Deforestation is an issue throughout the country. An expanding agricultural frontier east of the more densely settled Pacific region responds to ebbs and flows in markets and governmental priorities. In the 1960s relocation projects sought to “bring light to the jungle” by moving peasants into the rain forest. Ongoing road building and illegal timber extraction continue to bring colonists and speculators to the indigenous lands of the Caribbean Coastal Plain. Another important cause of deforestation is fuelwood gathering. At least 90 percent of Nicaragua’s rural population and 60 percent of its urban population relies on wood or charcoal for cooking and heating. This unsustainable activity has no quick remedy in a country with no natural gas production.
Ninety percent of Nicaragua’s watersheds drain to the Caribbean through 11 major rivers. Their silt loads maintain the Nicaragua shelf, one of the most productive marine environments in the hemisphere. Traditionally providing an abundant livelihood for indigenous peoples, Nicaragua’s Caribbean fisheries have become big business. Poorly regulated exports of lobster averaged $25 million a year through the 1990s. Fishing canneries provide jobs but are not sustainable. Offshore coral reefs are noticeably declining.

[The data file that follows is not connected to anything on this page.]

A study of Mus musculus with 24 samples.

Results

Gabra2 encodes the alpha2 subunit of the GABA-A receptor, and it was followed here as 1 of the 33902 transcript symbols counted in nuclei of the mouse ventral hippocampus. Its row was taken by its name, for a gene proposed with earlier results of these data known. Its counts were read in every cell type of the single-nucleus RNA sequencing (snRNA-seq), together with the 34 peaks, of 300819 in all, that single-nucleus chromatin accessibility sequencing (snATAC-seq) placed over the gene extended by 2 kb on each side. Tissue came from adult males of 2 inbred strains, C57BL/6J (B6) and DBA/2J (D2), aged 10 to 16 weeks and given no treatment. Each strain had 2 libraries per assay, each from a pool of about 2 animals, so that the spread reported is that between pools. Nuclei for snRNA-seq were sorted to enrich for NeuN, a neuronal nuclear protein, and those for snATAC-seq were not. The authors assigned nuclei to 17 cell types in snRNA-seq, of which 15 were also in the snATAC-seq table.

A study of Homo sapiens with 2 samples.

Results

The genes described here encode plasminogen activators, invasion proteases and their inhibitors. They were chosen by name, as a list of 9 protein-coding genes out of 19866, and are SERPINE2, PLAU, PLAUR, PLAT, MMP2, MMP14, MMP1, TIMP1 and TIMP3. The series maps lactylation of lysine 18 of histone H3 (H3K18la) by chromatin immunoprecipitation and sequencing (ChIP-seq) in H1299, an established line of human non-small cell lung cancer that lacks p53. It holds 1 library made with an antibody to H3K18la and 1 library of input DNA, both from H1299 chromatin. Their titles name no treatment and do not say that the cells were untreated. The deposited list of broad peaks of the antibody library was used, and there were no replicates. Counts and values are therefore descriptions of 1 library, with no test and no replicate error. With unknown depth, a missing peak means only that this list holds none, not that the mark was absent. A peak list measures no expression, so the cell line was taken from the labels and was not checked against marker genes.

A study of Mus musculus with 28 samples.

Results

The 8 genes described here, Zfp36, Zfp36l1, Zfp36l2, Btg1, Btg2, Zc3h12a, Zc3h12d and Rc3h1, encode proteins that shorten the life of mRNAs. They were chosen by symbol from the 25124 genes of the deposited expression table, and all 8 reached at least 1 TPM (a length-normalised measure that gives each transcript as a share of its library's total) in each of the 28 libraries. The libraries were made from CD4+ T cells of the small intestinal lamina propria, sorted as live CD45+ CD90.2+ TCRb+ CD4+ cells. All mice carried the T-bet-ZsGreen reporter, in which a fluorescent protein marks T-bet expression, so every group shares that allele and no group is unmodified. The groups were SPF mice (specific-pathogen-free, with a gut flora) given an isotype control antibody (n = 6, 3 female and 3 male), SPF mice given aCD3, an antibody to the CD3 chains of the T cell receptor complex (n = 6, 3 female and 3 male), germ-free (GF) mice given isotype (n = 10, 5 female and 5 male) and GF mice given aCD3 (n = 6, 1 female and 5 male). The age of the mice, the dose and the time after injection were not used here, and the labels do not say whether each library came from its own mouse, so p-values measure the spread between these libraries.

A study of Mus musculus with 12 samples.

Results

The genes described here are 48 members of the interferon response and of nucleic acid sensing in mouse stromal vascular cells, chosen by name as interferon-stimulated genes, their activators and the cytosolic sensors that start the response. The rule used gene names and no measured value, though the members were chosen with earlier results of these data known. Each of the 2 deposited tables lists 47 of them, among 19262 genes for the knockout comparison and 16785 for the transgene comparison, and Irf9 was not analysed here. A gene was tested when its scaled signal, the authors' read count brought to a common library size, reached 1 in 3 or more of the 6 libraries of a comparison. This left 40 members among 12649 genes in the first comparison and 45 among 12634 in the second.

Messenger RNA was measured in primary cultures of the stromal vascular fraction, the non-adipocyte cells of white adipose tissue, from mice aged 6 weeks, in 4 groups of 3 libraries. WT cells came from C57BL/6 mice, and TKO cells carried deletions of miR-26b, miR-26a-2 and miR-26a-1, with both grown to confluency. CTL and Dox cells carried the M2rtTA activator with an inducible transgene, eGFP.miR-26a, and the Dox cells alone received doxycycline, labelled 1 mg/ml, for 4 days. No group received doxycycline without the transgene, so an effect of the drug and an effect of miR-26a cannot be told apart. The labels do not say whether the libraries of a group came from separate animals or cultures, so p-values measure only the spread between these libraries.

Perhaps the biggest marine problem is the rapid decline of coastal mangrove forests, particularly along the Pacific coast. Here, shrimp farmers are clearing mangroves to make new ponds. In 2001, Nicaragua was the world’s 17th largest producer of farmed shrimp. Mangroves in the Gulf of Fonseca and elsewhere have also been cleared for firewood.
Water pollution linked to agriculture and ranching, untreated sewage, and soil erosion plague the 10 percent of Nicaragua’s fresh water that drains toward the Pacific, where two-thirds of the population lives. The most egregious water contaminants of lime, cyanide, and mercury associated with gold mining in Caribbean watersheds have been addressed, but problems of regulation and enforcement remain.
National parks and forest reserves abound in the Caribbean coast-on paper. The Bosawas Reserve in the northeast, home to Mayangna and Miskito Indians, is one of the largest contiguous areas of tropical rain forest north of the Amazon basin. Like its southern partner, the Sf-a-Paz (yes to peace) Biosphere Reserve, it is part of an innovative binational effort to protect shared borderlands. Both reserves are also central to the Mesoamerican Biological Corridor, a linked series of protected areas designed to spur isthmus coordination and reduce ecosystem fragmentation. Nicaragua is the linchpin in the corridor.
Environmental awareness is growing in Nicaragua, but meanwhile, poverty demands solutions. One project designed to deal with poverty is the so-called dry canal, a high speed rail and port system that would offer cargo ships willing to unload and reload an alternative to the Panama Canal. The proposed route cuts through the Sf-a-Paz Reserve and Rama Indian lands on the Caribbean coast-it is a desperate gambit intended to clear some forest to save the rest.
- Anne Larson, “Natural Resources and Decentralization in Nicaragua: Are Local Governments Up to the Job?,” World Development (v.30, 2002);
- Jerry Mueller, A Canary for the World: A Nicaraguan Environmental Primer (Nicaragua Network, 2000);
- Thomas W. Walker, Nicaragua, 4th (Westview Press, 2003).